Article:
Director: Paul Leni
Performers: Conrad Veidt, Mary Philbin, Zimba the Dog (Homo the Wolf)
Breed featured: German Shepherd
Production information: Universal, 1928 (USA)

In seventeenth century England, young Gwynplaine, son of a nobleman, has his face surgically disfigured into a permanent, grotesque grin as punishment when his father offends the King. Cast out into the wilderness, the boy picks up an orphaned blind baby and is eventually taken in by a kind-hearted mountebank, Ursus. Gwynplaine and the baby girl, Dea, grow to be central members of Ursus’ traveling theatrical troupe. The young lovers seem made for each other, so Ursus intends for them to marry. However, Gwynplaine deems himself inadequate for Dea, whose blindness has shielded her from the truth of his disfigurement.

Anyway, things happen, and Gwynplaine finds himself sucked back into the machinations of the royal court. The film summary on Wikipedia is perfectly sufficient to fill you in on plot details. Of course, I’m most interested in Ursus’ companion, a “domesticated wolf” whom he has named… Homo.

Talk about an identity crisis… Zimba the dog plays a wolf whose name is Latin for man!

Zimba is typed as a “German” shepherd dog for convenience, as the German nationality of the cast (specifically, Conrad Veidt) and director looms large over this extravagant, semi-silent Hollywood production. Publicity perhaps subtly affected the way that audiences decoded the image of Homo the “Wolf.” Anyway, Zimba was not the first — nor would he be the last! — GSD called upon to play the part of a wolf in film. Rin Tin Tin, the more famous contemporary dog actor, often straddled the lupine-canine divide as well. These dogs appeared large and imposing and could assume fierce faces on command.

Yet, they were appealing precisely because they’re “tameable,” able to be mastered. So Homo knows to guard his own, and to stay at Dea’s side when ordered to serve as masculine surrogate in Gwynplaine’s absence.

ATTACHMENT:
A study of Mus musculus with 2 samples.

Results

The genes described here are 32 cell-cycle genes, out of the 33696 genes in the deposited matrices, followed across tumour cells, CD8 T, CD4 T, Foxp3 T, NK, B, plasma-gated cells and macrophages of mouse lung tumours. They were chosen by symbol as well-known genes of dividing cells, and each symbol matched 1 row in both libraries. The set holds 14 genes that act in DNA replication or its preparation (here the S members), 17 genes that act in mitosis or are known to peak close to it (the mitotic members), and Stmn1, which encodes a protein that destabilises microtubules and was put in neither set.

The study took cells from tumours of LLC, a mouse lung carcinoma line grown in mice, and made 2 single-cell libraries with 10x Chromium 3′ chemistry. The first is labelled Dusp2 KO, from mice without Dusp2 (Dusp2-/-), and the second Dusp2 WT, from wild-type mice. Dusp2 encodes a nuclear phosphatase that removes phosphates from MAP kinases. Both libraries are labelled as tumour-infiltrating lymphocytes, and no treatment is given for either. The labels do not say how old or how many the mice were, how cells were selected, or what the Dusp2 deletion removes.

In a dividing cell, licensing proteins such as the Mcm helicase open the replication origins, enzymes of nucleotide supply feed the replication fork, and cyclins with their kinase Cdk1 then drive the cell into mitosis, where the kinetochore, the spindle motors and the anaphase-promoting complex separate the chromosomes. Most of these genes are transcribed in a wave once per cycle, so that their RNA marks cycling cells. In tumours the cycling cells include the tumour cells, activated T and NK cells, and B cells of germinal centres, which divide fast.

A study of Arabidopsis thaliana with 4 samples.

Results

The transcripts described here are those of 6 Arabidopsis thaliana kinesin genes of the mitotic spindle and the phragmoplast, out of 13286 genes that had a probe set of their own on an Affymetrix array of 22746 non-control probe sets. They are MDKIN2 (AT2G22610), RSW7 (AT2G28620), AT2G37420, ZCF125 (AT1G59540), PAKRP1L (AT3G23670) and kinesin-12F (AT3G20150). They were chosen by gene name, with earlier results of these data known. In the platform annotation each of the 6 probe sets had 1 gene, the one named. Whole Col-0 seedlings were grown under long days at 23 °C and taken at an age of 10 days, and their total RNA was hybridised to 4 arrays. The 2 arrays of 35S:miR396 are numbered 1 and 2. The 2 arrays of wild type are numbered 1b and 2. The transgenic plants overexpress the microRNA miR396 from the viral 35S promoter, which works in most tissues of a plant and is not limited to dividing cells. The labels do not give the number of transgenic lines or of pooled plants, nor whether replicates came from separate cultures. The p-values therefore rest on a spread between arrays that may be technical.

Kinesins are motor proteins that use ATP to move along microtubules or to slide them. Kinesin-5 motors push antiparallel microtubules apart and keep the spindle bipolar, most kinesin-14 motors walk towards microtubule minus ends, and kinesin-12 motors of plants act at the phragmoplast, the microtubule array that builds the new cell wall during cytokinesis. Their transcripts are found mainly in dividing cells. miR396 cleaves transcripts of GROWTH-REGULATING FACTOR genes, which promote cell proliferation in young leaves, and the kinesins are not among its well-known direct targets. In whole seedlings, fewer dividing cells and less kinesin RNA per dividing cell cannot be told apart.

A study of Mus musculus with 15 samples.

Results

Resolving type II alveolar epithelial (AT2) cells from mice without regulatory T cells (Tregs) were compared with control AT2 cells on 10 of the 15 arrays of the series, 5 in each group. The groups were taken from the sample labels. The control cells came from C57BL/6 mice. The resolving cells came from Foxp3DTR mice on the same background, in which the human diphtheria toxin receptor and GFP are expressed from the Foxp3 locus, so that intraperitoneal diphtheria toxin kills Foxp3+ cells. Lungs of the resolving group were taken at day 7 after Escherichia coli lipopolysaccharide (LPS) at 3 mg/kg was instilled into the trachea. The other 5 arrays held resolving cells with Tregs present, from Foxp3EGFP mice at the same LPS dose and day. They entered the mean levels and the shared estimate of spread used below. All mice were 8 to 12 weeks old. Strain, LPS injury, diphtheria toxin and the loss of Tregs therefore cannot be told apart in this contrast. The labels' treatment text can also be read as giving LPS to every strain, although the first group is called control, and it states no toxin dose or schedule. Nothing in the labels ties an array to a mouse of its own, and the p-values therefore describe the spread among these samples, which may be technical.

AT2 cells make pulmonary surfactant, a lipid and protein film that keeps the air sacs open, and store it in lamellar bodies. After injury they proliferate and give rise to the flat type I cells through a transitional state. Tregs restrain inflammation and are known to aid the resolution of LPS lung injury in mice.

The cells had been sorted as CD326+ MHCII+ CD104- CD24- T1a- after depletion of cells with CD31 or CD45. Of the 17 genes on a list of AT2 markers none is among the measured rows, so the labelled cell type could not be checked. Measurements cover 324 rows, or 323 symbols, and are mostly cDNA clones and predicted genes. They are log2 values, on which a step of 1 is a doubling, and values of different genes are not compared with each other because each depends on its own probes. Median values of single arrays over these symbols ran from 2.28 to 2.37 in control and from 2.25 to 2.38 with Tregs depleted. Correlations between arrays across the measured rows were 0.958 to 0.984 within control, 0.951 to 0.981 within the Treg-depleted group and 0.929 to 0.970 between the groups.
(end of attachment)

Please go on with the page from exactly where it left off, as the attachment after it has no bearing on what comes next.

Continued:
His muzzle doesn’t appear quite as triangular as most GSD, does it? Nor does he have the dark mask that is required in the breed standard.

The wolfdog occupies an important thematic role as observer, mediator, and judge. Named after the saying, Homo homini lupus, or “Man is a wolf to [fellow] man,” Homo metes final justice, acting both as a force of nature and (human) moral rectitude when he rips out the throat of the big bad guy. But most importantly, because the animal actor delivers the violence we wished upon the enemy, the humans are allowed to return to innocence even as their collective bloodlust is satiated.

Victory for dog, victory for mankind! He gives the audience what they want without the guilt. What a very useful dog indeed.

Bonus animals in the film include several other anonymous dogs scurrying under horse hooves and cartwheels, and a pet monkey in the possession of one kinky Duchess Josiana. This last pairing adds a touch of irony — the primate, as well as the royal mistress whose emotions he mimics, are both far more “beastly” than the wolf who dwells amongst sideshow freaks.

Homo the Wolf may not live up to his form, but in this story, he certainly lives up to his name.